Chancellor Rishi Sunak has announced a new package of business support measures to boost the economy when the furlough scheme ends in October.
This should be good news for landlords, whose tenants are likely to be recipients of much of Sunak’s largesse in the form of continuing salaries and hopefully better job security in the coming months. The measures will also benefit larger landlords who run their portfolios as businesses and have received bounce back loans.
Sunak’s new job support scheme – to be launched on 1st November for six months – aims to keep employees in work on shorter hours rather than making them redundant.
Also, employees will to work at least one-third of their normal hours and for those hours not worked, the Government and their employer will each pay one-third of their wages, so that they’ll get at least 77% of their pay. The grant will be capped at £697.92 a month.
All small and medium firms will be eligible, even if they haven’t used the furlough scheme, while larger ones can apply, but only if their turnover has fallen due to Covid.
Launching his winter economy plan, Sunak said: “We’re now nurturing recovery of the economy – the rationale must be different to what has come before. It’s fundamentally wrong to hold people in jobs that exist just in furlough – people need to be in viable jobs.”
Bounce back loans
In his statement in the Commons, he also announced a boost for businesses struggling with cashflow to give them more time and flexibility with bounce back loans under a ‘pay as you grow’ scheme. The new scheme covers both bigger CBILS loans as well as smaller ones up to £50,000. Also, the deadline to apply for both schemes is extended to the end of the year.
And there’s more. Loans can be extended from six to 10 years, halving the average monthly repayments while borrowers can make interest-free payments if needed or suspend payments for up to six months.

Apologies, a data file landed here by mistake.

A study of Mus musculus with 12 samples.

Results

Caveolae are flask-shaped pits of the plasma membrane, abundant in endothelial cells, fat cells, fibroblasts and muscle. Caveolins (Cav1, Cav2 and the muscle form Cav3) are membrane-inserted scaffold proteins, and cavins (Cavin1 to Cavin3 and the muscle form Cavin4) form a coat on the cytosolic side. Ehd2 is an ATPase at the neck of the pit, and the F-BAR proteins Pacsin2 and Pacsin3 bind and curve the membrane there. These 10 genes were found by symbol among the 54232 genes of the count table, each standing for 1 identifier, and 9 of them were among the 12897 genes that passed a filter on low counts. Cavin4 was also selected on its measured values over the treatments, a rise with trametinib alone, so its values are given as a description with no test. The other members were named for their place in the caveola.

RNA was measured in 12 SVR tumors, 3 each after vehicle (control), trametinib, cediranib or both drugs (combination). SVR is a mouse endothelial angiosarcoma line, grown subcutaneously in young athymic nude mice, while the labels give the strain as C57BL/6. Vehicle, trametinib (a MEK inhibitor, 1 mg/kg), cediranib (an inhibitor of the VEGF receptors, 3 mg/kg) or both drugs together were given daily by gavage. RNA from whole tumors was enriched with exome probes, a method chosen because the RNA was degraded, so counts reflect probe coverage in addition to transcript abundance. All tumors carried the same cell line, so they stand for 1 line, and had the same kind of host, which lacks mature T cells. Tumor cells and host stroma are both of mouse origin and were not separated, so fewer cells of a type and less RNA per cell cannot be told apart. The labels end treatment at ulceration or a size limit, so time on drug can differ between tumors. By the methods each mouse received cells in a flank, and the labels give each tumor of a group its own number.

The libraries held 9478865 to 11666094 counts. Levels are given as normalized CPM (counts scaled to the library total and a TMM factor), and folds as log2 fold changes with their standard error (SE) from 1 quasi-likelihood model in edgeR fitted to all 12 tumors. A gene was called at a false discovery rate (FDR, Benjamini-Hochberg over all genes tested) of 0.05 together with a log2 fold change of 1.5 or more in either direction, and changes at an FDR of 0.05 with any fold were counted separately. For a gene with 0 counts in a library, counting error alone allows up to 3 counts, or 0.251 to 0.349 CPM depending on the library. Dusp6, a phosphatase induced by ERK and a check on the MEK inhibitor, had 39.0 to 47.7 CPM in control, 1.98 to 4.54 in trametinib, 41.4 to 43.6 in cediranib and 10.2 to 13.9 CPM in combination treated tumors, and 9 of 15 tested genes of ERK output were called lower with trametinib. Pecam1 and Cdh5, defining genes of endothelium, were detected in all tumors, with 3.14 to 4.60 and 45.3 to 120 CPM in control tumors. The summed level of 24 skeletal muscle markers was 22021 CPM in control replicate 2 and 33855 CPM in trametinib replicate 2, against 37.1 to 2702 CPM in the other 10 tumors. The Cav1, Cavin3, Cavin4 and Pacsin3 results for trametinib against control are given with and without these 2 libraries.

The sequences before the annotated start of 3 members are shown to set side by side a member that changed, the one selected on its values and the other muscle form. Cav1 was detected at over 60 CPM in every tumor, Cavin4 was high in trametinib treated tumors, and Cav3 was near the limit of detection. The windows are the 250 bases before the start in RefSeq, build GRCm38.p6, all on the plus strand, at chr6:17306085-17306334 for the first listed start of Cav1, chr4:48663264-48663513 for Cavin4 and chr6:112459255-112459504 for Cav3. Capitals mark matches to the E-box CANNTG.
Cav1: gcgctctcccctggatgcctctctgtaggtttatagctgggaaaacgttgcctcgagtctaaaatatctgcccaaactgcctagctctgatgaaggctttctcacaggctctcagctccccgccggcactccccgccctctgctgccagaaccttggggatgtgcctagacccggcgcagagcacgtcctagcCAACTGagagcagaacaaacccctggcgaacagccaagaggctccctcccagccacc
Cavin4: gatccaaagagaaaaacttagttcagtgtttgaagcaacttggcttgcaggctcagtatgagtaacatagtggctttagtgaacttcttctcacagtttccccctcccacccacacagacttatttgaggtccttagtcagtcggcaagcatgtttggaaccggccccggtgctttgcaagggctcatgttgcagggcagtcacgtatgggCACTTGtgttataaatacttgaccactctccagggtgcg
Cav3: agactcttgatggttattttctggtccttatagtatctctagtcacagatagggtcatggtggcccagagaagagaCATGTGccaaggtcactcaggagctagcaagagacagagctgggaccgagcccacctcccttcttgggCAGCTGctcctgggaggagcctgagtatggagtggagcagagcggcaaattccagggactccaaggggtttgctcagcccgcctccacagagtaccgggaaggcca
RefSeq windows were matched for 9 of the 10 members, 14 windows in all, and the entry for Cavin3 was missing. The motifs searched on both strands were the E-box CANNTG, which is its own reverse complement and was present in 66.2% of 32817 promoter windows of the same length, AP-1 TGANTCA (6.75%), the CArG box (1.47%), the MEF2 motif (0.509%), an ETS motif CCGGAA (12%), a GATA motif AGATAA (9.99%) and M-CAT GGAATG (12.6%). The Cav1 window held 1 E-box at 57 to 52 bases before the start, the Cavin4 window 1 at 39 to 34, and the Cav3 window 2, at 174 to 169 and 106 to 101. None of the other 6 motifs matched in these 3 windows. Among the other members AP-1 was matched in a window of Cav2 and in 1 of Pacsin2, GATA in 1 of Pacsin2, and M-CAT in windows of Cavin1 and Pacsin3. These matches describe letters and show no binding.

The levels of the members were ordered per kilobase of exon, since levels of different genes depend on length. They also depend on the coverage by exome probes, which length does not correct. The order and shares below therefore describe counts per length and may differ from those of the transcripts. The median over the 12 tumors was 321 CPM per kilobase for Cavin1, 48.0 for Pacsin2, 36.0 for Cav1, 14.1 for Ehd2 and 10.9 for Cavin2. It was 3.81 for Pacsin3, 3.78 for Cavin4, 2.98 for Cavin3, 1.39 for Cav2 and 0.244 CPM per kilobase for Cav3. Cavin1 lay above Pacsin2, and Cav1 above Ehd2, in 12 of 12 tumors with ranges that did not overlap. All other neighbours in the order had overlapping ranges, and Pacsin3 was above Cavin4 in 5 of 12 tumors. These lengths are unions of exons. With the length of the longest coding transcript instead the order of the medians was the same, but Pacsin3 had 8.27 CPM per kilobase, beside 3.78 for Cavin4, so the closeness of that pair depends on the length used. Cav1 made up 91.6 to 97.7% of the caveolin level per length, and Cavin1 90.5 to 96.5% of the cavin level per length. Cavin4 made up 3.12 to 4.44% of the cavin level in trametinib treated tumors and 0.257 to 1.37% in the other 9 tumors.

Sunak cut businesses some slack with their VAT tax bills too, allowing them to spread payments over 11 smaller payments with no interest to pay, while those filing self-employed income tax assessments can now extend their bill over 12 months from next January.
David Alexander (pictured, below), joint managing director of apropos, says: “The Chancellor has missed a golden opportunity to provide support to individual landlords in this country at a time when many of them are experiencing severe financial hardship.
“These ‘invisible’ people, who own one or two properties and rental is often their sole source of income, make up the majority of landlords in the UK and they are facing extremely difficult times.”
“If these individuals are not supported then the risk is that they will exit the private rented sector (PRS) in large numbers which will cause enormous problems for tenants in the coming year. Supporting this vital group within the renting sector is essential and must be addressed immediately.”